I use emacs – with a server1 and client setup – so that I
can quickly open new files in it using
emacsclient. My typical setup
is to have
tmux on one monitor and a single emacs(client)
frame on another. But there are times when I do not want to
shift focus from one monitor to another, like when I just need to
review some log file. So I started using an alias to
emacs -nw -Q to
quickly open log files, review, filter, and
Of course, that’s not where this post ends. An alias was no longer adequate to do what I wanted it to do more ..
I typically do my text editing in the emacs frame, while do just
non-editing actions like viewing, navigating, searching, filtering in
quick emacs sessions from
I wanted that “tmux emacs” to be independent of my config, independent
of the server – Just something really quick that I can launch, do,
and quit. I wanted something like
less, but better .. better in
- Do syntax highlighting
- Render Org-mode files
- A better navigable man page viewer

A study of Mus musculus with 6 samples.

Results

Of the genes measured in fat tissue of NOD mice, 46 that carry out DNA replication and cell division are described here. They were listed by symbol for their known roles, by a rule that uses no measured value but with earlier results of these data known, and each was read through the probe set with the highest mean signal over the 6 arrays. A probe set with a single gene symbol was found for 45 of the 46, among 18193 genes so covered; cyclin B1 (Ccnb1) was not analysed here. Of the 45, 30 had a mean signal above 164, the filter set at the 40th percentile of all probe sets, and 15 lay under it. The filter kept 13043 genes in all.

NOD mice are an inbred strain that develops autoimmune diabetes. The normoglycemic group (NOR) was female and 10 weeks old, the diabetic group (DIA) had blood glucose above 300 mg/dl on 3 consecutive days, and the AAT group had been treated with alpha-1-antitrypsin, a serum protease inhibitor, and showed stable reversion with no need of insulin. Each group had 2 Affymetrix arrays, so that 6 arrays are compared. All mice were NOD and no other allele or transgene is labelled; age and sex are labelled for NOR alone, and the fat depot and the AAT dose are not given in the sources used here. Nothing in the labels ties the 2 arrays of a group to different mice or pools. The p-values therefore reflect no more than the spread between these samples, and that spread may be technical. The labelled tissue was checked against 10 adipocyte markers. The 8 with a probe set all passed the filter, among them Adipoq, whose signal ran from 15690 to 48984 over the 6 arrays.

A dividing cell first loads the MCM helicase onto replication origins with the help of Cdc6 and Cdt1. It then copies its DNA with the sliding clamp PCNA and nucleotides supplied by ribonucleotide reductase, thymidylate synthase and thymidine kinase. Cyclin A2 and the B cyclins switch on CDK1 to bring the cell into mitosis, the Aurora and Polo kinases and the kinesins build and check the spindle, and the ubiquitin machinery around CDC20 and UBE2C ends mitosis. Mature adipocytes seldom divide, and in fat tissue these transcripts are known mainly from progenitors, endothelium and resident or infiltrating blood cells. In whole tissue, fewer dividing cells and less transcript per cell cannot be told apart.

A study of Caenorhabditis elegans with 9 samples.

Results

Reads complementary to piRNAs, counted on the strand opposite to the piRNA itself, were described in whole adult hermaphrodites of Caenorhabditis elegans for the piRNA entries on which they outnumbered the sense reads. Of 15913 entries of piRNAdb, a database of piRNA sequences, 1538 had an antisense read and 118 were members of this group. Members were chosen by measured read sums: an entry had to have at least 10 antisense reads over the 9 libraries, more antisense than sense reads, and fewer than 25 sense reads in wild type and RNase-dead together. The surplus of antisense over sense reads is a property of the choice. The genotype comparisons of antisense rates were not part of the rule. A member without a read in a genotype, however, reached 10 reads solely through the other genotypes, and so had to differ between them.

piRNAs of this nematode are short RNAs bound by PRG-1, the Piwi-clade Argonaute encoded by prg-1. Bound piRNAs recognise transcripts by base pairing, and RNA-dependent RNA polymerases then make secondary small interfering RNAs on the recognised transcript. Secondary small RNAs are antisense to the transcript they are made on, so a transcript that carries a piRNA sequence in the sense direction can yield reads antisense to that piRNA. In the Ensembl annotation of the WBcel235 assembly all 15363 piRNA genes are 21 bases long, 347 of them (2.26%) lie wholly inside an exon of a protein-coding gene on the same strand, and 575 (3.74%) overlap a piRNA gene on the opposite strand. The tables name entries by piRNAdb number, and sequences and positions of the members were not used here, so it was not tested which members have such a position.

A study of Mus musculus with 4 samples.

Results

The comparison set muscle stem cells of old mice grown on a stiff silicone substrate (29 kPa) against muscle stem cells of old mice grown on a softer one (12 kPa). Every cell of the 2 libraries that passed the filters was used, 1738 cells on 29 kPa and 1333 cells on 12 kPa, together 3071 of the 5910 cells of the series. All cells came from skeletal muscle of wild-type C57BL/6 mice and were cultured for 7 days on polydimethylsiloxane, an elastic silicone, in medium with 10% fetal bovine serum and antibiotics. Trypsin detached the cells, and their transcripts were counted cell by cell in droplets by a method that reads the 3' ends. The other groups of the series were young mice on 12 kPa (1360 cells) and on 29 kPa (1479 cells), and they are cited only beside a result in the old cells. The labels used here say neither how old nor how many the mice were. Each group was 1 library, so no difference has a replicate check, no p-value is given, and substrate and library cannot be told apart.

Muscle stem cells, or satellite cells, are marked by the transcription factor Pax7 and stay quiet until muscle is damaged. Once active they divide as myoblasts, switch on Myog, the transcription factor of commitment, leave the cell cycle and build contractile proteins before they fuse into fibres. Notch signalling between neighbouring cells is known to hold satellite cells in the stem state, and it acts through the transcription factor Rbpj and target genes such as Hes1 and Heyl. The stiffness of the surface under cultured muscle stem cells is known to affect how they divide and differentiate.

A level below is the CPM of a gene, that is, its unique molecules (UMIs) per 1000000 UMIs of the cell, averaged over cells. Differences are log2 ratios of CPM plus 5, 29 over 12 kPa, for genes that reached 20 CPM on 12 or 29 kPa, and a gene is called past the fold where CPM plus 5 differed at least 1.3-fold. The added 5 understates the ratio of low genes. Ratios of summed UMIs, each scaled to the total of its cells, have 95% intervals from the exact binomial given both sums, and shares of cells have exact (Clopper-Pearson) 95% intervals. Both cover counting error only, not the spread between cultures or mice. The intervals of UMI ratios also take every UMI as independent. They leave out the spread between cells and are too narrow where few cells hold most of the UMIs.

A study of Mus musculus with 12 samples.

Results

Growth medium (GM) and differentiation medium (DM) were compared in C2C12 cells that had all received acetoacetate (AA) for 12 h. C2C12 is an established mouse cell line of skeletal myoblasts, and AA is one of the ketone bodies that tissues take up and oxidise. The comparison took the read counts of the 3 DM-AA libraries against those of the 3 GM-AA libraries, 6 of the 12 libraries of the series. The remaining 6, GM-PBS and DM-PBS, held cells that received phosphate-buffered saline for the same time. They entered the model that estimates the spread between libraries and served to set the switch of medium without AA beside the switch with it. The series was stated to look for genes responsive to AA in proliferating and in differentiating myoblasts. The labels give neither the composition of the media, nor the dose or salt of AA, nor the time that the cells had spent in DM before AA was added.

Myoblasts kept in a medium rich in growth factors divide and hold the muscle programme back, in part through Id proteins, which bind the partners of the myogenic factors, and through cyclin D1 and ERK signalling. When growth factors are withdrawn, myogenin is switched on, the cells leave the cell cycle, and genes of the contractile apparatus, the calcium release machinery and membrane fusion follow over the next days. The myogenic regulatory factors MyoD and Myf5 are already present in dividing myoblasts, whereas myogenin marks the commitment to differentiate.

- Dired, especially
wdired(batch edit symbolic links, for example?)2
- Show colored diffs
- Filter log files to only show or not show lines matching a regexp
- Start auto-reverting log files when I want (like
- Quickly change frame and font sizes
- .. and more; basically everything that emacs has to offer!
I call it
eless and here’s a little taste of what it looks like:
As a bonus:
Try it out and let me know how you find it. As you will see,
eless is a bash script where most of it is a string containing a
sane emacs configuration for
view-mode. I wanted
eless to be a
monolithic script, and not a multi-file setup.
eless -h | eless
- Always start the emacs process in a sub-shell, and
/dev/ttyinto that emacs instance.
That way, that emacs instance would always think that it is receiving input from tty – even when the wrapper bash script is receiving input from the pipe.